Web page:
Performers of Magic have used a variety of Magic Words in their acts over the years.
Some of them are vintage and have been used for many years while others are bang up to date.
In fact, I made a huge article with an overview of all magical words that magicians say.
One word that has a long history is the word Abracadabra.
You will be surprised to know that the word stretches back to the second century, and quite possibly before.
Why Do Magicians Say Abracadabra? Magicians say Abracadabra to catch the attention of the audience during the magic performance and to indicate that something magical is about to happen.
The poem was called De medicina praecepta.
This was published just two centuries into the Christian era.
This makes the term “Abracadabra” quite an ancient word.
Sammonicus said that if a sick person wanted to get well that they should dress in an amulet that contained a paper with the word laid out as above.
A kind of Magic spell.
This would “drive the sickness from the body.”
This was the first time the word appeared in any quotation, but linguistic experts believe the word is probably much older in origin.
Origins of the word
Here are the ideas that are suggested for the origin.
Aramaic was the language that Jesus would have spoken.
It was also used in certain parts of the Old Testament.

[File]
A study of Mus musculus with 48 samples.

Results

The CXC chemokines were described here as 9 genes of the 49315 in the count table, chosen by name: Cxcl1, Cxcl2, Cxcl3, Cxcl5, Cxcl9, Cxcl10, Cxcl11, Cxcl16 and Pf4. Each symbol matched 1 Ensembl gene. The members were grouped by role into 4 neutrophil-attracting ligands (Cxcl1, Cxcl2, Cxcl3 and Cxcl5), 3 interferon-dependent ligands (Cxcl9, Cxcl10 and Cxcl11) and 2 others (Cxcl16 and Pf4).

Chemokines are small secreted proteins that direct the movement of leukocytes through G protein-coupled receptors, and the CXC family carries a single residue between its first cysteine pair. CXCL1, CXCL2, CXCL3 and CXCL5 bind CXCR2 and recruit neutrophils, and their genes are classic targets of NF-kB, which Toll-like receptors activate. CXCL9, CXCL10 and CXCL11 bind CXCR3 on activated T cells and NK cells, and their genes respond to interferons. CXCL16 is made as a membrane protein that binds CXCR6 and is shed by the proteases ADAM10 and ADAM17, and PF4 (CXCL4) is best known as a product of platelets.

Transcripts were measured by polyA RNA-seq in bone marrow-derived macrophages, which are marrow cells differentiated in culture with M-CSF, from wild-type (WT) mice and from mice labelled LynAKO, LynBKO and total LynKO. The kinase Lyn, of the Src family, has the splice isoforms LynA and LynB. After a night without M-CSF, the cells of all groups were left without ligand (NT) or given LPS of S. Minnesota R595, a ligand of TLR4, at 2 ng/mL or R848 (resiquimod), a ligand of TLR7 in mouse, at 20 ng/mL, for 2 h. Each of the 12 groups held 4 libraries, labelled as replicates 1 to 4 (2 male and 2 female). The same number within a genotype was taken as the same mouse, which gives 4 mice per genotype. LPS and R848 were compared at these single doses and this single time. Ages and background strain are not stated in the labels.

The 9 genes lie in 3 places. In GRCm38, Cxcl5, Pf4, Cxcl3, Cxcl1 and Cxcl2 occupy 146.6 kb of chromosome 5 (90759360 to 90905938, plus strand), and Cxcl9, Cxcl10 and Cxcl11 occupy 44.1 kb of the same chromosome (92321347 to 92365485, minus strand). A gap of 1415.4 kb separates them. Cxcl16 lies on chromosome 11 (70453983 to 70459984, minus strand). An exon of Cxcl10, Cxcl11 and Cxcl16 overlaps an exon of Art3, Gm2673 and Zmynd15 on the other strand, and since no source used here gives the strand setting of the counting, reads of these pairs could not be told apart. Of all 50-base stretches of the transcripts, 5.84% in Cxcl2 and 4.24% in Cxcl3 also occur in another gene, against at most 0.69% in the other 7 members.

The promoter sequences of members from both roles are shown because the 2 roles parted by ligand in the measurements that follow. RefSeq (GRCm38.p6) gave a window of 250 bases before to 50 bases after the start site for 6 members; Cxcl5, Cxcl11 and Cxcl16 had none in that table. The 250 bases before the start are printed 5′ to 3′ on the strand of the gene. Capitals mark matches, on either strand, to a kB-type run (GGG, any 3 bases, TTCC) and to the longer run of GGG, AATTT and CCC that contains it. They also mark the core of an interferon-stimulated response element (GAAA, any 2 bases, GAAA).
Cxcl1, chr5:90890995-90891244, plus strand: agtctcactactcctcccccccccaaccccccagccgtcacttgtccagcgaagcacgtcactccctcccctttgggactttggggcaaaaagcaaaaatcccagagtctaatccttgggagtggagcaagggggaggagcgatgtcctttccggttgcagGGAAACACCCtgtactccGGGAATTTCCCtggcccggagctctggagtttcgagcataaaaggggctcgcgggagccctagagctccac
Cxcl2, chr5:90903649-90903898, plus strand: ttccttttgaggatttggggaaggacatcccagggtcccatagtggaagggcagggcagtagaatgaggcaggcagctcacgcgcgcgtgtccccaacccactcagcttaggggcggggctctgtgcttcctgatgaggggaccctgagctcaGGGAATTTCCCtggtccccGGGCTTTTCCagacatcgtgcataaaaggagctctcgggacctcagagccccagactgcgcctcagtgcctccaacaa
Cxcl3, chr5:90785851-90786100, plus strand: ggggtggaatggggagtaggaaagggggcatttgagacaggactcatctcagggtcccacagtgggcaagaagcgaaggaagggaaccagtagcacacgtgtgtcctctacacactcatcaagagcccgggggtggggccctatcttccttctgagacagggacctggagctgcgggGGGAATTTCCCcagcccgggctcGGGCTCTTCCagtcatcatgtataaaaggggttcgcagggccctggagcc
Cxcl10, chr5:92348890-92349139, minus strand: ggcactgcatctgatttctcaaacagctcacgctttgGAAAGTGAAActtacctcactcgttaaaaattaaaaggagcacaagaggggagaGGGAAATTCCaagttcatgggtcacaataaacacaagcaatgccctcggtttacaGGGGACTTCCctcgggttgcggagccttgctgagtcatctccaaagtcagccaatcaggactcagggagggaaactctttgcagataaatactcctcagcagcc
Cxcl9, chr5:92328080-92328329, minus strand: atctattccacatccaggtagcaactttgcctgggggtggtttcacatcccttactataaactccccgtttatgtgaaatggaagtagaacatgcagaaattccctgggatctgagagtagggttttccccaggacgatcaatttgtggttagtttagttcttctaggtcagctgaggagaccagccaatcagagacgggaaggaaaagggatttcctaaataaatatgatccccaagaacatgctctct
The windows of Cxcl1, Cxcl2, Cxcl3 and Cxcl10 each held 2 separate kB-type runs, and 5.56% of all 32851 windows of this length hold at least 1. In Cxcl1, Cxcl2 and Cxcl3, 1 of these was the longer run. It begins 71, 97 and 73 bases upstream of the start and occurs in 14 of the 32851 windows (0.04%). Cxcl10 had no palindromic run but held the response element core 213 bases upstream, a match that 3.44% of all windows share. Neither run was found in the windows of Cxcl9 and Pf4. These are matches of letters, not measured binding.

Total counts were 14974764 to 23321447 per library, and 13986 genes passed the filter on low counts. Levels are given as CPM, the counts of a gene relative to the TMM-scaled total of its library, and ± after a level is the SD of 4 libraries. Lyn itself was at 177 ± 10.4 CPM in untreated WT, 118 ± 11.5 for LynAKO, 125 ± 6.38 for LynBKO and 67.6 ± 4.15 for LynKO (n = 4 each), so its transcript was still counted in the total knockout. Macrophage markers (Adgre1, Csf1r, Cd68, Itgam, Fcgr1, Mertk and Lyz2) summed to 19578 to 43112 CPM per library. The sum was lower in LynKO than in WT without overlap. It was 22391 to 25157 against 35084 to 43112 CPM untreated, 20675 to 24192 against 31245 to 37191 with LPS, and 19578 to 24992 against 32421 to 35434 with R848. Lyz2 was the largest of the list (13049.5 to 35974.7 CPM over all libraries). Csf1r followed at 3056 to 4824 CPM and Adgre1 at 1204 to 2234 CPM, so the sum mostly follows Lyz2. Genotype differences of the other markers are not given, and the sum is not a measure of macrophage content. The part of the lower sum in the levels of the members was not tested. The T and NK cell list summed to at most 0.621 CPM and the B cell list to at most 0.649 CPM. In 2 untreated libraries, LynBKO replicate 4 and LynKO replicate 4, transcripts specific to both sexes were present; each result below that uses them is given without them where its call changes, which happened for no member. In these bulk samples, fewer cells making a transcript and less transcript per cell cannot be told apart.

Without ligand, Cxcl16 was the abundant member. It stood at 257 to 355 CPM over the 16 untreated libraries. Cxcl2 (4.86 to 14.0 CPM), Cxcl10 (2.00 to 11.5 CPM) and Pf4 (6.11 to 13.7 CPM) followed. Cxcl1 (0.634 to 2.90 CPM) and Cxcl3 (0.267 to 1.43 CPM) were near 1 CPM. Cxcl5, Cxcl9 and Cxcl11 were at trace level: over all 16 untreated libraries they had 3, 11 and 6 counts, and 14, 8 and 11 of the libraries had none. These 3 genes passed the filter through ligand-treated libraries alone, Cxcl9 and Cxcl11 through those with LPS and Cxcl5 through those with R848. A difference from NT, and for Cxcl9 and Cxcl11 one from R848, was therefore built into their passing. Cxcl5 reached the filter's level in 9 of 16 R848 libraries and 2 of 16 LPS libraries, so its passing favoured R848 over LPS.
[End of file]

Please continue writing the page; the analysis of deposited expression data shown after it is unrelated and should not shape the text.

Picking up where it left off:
The Aramaic words “Avra K’dabra” which means “I build as I speak.”
Hebrew is a language related to Aramaic.
In Hebrew the words ab (father) ben(son) and acadpsch (holy spirit)
Chaldeans were native to Iraq and have a history that spans back 5,000 years.
In Chaldean abbada ke dabra meant “Perish like the word”
These were from Alexandria and were a Gnostic sect.
This theory believes that Abracadabra stems from Abrasax the supreme deity they worshipped.
While we are looking at the origins of words, it seems a good time to add that J.K.Rowlings used a combination of the Roman word for Cadaver (a dead body) with Avra kehdabra (The Aramaic shown above), to make the word Avada Kedavra to create the Magic killing curse that appeared in Harry Potter.
The 15th Century
I mentioned that the word “abracadabra” was used in the format shown above and put in an amulet to make someone well in Roman times.
Apparently, this was still common in the 15th Century as reported in the book by Eva Rimmington Taylor, called “The Troublesome Voyage of Capt. Edward Fenton” in which was written:
Banester sayeth that he healed two hundred in one year of an ague by hanging abracadabra around their necks.
The 18th Century
This practice was still going in the 18th Century and in the book “Journal of Plague Year,” (1722) the charm was mentioned again as the author sadly reported on the ineffective use of charms like Abracadabra to ward off the Plague.
The 19th Century
The first recorded use of “Abracadabra” as a Magic expression on stage was in 1819 in the play Rochester, by William Thomas Moncrieff, While this was not in a magic act, clearly, the writer saw it as a common word (like Hocus Pocus) used by Magicians Although, exactly which magician first used it I have been unable to find out.
The 20th Century
Let’s take a look also in the 20th Century.
Abracadabra was a weekly Magic Magazine published in the UK. The magazine continued publication for 63 years, closing on 28th March 2009 with its 3,296th edition.
Looney Tunes Cartoon
The term was very well known as a Magical Expression in 1963 when it was used in the Cartoon Transylvania 6-5000 by Bugs Bunny.
Since then, however, it has become part of western culture, a word that I engrained in our language and used almost as a generic word to describe magic.